Introduction to MongoDb with .NET part 40: the write concern

Introduction

In the previous post we saw how indexes were handled in the in the MongoDb .NET driver. Normally MongoDb indexes are created through the mongo shell, but the driver also offers a couple of options just in case you need that.

In this post we’ll start the finishing phase in this series on MongoDb and .NET: write and read concerns. These terms are related to durability and consistency of the data in the database.

The write concern

When we write to the database, i.e. insert or update a document, then the new or updated document is at first persisted to memory, not to disk. The records in memory are persisted to disk somewhat later in an asynchronous fashion. The lag is not dramatic, it can be a second, a little more, a little less, depending on how much data there is in memory. However, there is this lag and if the database server dies within that lag then the data not persisted to disk yet will be wiped out from memory. It won’t magically be recovered after a server restart.

By default when we send a write or an update to the server then we get an acknowledgement back saying whether the operation was successful or not. If the acknowledgement says OK, then it means that the new or updated document was persisted to memory. It is not a 100% guarantee that the new data was saved on disk as well. The write operation is abbreviated by “w” and has a default value of 1 which reflects the scenario we have just described, i.e. we want an acknowledgement of the persistence to memory.

The write parameter in inserts and updates is accompanied by another section in memory for MongoDb, called the journal. The journal is a log where MongoDb registers all insert, update and delete operations that were sent to it from the client. The journal is also a collection where the new documents are at first persisted in memory and then later on to disk with a small lag. The log becomes important when a collection needs to be recovered after a server crash. All documents that figure in the journal but not in the collection on disk will be inserted/updated according to the journal. However, if a document was not written to disk AND the related insert/update operation was not yet persisted to disk either then it’s lost forever. When we insert a new document to the database then we don’t wait for the related journal entry to be persisted to disk by default. The journal part of the persistence options is abbreviated by “j” and has the default value of false.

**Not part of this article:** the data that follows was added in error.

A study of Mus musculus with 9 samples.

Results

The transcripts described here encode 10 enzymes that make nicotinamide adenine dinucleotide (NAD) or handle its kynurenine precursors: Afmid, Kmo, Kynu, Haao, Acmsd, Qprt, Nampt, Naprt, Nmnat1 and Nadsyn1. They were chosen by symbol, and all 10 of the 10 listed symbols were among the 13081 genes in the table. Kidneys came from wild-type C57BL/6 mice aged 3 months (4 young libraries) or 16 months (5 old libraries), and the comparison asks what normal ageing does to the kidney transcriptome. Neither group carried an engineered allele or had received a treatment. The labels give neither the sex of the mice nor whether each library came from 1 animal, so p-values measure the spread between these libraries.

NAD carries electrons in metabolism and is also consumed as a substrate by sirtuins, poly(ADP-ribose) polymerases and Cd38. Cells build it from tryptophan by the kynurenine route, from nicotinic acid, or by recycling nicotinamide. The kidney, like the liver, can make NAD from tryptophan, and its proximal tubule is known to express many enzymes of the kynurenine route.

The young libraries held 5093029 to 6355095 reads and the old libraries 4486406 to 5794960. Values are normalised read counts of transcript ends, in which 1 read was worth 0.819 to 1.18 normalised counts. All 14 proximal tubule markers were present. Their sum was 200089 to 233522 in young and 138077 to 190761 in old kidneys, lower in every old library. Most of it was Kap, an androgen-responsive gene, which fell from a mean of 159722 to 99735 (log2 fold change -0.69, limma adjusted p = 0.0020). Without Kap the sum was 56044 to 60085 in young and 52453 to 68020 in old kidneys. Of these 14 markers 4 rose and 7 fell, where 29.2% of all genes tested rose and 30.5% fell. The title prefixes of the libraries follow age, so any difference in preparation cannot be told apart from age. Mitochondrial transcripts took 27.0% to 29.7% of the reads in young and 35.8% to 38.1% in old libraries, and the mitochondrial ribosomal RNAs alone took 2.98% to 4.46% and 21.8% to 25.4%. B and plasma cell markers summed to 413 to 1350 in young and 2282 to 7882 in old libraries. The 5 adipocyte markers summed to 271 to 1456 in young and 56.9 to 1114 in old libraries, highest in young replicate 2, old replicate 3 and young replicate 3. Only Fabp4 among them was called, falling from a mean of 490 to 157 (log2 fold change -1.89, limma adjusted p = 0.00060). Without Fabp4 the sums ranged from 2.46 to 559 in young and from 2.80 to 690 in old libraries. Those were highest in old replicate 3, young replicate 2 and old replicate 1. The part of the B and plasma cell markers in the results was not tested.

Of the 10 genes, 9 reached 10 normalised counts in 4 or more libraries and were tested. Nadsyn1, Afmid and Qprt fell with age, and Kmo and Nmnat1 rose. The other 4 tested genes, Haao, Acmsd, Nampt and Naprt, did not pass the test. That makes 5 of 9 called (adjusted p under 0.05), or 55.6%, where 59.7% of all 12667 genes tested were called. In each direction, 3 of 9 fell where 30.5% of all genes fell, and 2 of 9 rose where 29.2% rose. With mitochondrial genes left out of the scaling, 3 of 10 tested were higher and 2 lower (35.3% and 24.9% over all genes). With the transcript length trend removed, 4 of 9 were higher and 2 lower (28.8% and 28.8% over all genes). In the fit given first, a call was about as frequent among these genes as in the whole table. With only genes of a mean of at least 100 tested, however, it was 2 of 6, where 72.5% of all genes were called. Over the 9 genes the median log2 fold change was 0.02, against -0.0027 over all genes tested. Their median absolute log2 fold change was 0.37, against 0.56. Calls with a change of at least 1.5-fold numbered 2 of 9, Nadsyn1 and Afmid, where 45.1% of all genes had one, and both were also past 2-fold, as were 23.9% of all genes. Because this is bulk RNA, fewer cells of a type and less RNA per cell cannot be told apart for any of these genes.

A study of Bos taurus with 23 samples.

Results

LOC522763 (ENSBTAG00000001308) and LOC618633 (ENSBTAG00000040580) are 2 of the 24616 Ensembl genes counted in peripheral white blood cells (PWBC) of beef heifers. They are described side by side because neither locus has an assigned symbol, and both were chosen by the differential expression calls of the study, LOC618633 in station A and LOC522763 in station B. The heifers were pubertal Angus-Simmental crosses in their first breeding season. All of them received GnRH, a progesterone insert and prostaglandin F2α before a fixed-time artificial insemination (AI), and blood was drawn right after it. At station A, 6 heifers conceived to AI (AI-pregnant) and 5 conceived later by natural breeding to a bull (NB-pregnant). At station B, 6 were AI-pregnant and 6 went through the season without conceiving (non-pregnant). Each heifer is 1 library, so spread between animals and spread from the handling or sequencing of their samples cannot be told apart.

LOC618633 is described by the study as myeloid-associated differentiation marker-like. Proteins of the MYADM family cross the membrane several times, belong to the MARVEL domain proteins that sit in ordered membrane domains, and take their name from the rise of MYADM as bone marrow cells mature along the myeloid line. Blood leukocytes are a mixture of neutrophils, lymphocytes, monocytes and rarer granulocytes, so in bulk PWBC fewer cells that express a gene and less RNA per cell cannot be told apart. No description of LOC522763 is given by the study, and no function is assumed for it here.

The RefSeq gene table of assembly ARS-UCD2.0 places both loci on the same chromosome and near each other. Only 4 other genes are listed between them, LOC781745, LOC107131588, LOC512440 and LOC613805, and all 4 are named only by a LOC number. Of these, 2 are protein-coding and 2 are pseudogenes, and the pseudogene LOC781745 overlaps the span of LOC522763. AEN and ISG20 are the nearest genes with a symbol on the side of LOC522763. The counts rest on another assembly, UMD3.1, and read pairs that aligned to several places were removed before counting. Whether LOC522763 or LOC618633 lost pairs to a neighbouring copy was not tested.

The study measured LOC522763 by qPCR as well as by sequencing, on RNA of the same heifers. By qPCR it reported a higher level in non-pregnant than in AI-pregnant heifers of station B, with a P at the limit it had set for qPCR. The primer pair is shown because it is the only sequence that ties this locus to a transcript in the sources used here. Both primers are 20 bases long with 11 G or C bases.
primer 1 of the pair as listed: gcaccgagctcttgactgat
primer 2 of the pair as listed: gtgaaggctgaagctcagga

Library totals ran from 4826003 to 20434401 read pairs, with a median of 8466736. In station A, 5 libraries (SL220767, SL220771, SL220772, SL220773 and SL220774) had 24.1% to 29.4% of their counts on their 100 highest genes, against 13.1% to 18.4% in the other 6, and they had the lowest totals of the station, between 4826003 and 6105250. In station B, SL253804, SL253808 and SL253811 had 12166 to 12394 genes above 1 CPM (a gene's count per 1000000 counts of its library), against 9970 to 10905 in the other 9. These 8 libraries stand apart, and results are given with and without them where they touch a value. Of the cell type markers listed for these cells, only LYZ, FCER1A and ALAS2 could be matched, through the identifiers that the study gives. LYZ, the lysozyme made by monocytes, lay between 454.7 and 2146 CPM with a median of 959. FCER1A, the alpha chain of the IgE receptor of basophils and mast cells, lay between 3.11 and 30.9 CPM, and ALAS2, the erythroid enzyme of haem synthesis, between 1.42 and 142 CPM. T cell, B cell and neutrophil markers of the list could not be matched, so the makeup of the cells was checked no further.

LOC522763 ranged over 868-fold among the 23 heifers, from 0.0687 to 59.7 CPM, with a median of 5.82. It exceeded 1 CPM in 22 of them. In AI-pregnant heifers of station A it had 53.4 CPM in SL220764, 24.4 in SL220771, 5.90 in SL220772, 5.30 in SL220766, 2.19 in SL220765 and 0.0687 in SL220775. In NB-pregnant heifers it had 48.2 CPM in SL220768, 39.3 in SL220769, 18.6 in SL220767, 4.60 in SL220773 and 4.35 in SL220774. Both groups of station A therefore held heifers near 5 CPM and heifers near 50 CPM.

Together “w” and “j” make up the write concern and as we said above their values default to 1 and false. That’s what makes MongoDb write/update operations so fast. At first we only write to memory and persistence to disk will happen asynchronously with a short lag. The trade-off is that we have a short window where the new data can be lost forever.

There is of course an option to change that behaviour. If you want to make sure that the data is really persisted and logged to disk then the “j” value must be set to true in the insertion options as follows:

db.companies.insert({"name" : "Samsung", "phone" : 5345346}, {"writeConcern" : {"w" : 1, "j" : true}})

The writeConcern parameter is also a document.

Setting j equal to true makes the inserts a lot slower but there are times where it is extra important to be sure that the new data was persisted to disk. E.g. creating a new user is a good candidate.

The “w” parameter can also have a value of 0 – besides other values that we’ll take up in the next post – which means a so-called unacknowledged write. That’s when we don’t even wait for the initial memory-based acknowledgement. That’s the fastest fire-and-forget option of course:

db.companies.insert({"name" : "Opel", "phone" : 2446679809767}, {"writeConcern" : {"w" : 0}})

The server will respond with an empty write result array. Occasionally we may go for this unsafe option. I can give an example from our business where I work. The statistics of an ongoing load test are inserted into MongoDB periodically. The data is used to show the statistics graphically to the end users. The write option is set to 0 in order to make the insertion of a large amount of frequently incoming data as fast as possible. It’s fine if a batch is lost here and there though. The next round of batches will then succeed and the graphs can be redrawn then.

We’ll look at the write concern in a multi-database scenario in the next post.

You can view all posts related to data storage on this blog here.

I'm a .NET/Java developer living and working in Stockholm, Sweden.